PARK CITY, Utah (AP) — Enough with telling other people's stories. Sarah Polley has moved on to telling her own, and it's as strange, revealing, disturbing and ultimately uplifting as anything a fictional filmmaker could dream up in her own head.
A shifting blend of documentary, confessional and reenactment, Polley's "Stories We Tell" picks away at layers of history and mystery in her family life, exposing secrets to the world that many wouldn't want to share even with close friends.
A long-standing family joke — that Polley's father might not be her real father — sends her on a detective story as she turns the camera on loved ones to discover the truth about her mother, who died of cancer when Polley was an 11-year-old child actress with a career just taking off in Canada.
Polley, 34, began it as a small experiment in storytelling, examining the selective, often contradictory nature of memory and how it can add up to a broader collective truth than what's presented by mere facts alone.
"It kind of snowballed into a film, but at every stage, I was ambivalent about how much I wanted to go forward," said Polley, an Academy Award nominee for the screenplay of her directing debut, 2007's "Away from Her," adapted from an Alice Munro short story about an elderly couple coping with Alzheimer's. "Because it is scary to expose yourself and the people close to you in this way, and it is always a danger of being incredibly self-indulgent.
"So I was really conscious of how embarrassing it could be, how ugly a process it could be to have people know so much about you," Polley said in an interview earlier this year at the Sundance Film Festival, where "Stories We Tell" played ahead of gradual theatrical rollout this month. "At the same time, I couldn't stop making it, and I felt like I was learning so much. And I felt like the film was taking on a life of its own and becoming so much more about storytelling and about why we need to tell narratives about our lives than about my family and the nitty-gritty details about us."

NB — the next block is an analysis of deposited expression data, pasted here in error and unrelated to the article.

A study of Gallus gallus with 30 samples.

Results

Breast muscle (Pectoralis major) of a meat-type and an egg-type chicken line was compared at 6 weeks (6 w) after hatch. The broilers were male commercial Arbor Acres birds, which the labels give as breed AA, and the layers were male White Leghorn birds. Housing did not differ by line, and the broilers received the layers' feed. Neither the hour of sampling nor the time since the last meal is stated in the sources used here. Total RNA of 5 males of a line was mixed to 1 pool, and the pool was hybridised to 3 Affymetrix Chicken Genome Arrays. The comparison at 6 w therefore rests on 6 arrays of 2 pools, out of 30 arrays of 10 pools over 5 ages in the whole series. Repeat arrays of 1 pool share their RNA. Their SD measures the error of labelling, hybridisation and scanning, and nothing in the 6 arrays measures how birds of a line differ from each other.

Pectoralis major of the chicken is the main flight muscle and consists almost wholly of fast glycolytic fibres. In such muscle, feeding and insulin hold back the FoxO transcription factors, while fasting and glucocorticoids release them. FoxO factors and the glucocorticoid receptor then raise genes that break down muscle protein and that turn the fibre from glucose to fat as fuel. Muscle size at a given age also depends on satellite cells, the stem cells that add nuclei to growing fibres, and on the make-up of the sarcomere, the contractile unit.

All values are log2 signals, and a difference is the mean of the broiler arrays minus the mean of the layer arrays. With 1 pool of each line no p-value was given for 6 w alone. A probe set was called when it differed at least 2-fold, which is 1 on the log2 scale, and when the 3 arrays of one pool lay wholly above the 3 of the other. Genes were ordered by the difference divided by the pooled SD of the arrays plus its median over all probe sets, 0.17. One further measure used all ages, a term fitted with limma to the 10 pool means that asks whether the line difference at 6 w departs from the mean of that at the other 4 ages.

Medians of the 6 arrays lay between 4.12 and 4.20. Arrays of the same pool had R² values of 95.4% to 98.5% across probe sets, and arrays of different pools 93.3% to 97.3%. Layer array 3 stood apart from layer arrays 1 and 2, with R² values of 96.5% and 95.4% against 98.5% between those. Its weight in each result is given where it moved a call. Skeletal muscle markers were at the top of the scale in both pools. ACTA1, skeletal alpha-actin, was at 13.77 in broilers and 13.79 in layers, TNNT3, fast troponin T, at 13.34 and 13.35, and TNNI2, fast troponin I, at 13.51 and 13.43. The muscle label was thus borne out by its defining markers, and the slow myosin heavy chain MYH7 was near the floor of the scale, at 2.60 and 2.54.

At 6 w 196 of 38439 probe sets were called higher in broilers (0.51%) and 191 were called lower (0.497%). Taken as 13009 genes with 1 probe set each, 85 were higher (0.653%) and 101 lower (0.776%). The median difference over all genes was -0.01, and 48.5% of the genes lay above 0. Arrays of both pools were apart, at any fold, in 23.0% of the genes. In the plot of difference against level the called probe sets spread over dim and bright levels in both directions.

Polley's second film was last year's Michelle Williams-Seth Rogen romantic drama "Take This Waltz," the filmmaker's first original screenplay.
As she was developing that project and starring in such films as the romantic fantasy "Mr. Nobody" and the horror tale "Splice," Polley continued to piece together "Stories We Tell."
The work began with straight-ahead interviews with her siblings, her father, Michael Polley, other relatives and family friends. Through their recollections, a portrait emerges of Polley's mother, Diane, a vivacious woman whose life took dark turns and whose aspirations as an actress complicated her family obligations.
As secrets about Diane Polley were revealed, the film expanded to include a seamless hybrid of archival home footage and re-creations featuring actors. Michael Polley also set out to chronicle his side of the story in writing, and his daughter puts him on camera reading long, lyrical passages that serve as the soul of "Stories We Tell."
Polley adopted the hybrid of authentic family movies and reenactments to give viewers a sense of the uncertainty she experienced herself as she tried to get at the truth amid the conflicting stories her players told.
"It was a constant feeling of what is true? What is kind of true? What's a lie? What is a fabrication that's unintentional? What's a fabrication that is intentional?" Polley said.
"When you're listening to other people's versions and they diverge from each other, you're just in this constant sense of not knowing what you can hang on to. And I wanted to give the audience of the film the same feeling of just questioning, like, what is real, what is real footage, what is not real footage, what is found footage? What is the product of someone's imagination? And just to be in that state of not knowing, which I think we all are in relation to our family histories."
The truth of Polley's family history and her parentage has been revealed in press coverage since "Stories We Tell" premiered at film festivals last fall. But we won't spill any secrets here; it's best to see the film without knowing the twists and surprises in store.
Polley's heading back to telling other people's stories now, developing an adaptation of Margaret Atwood's novel "Alias Grace." A quote from the novel serves as the epigram for "Stories We Tell," Atwood writing that a story isn't a story as it's playing out, "but only a confusion. ... It's only afterwards that it becomes anything like a story at all. When you're telling it, to yourself or to someone else."
Telling her own family story has cleared up much of the confusion for Polley over her mother.
"Sitting down for many hours at a time with everybody that was close to her, I feel like I have a much deeper knowledge of her, and I think it's a privilege most people don't get when you lose a parent young," Polley said. "Hopefully, you have a few people who have stories, but to actually be able to dive into this in such a concentrated way and get to know this person, it wasn't the intention of making the film, but it was an amazing byproduct."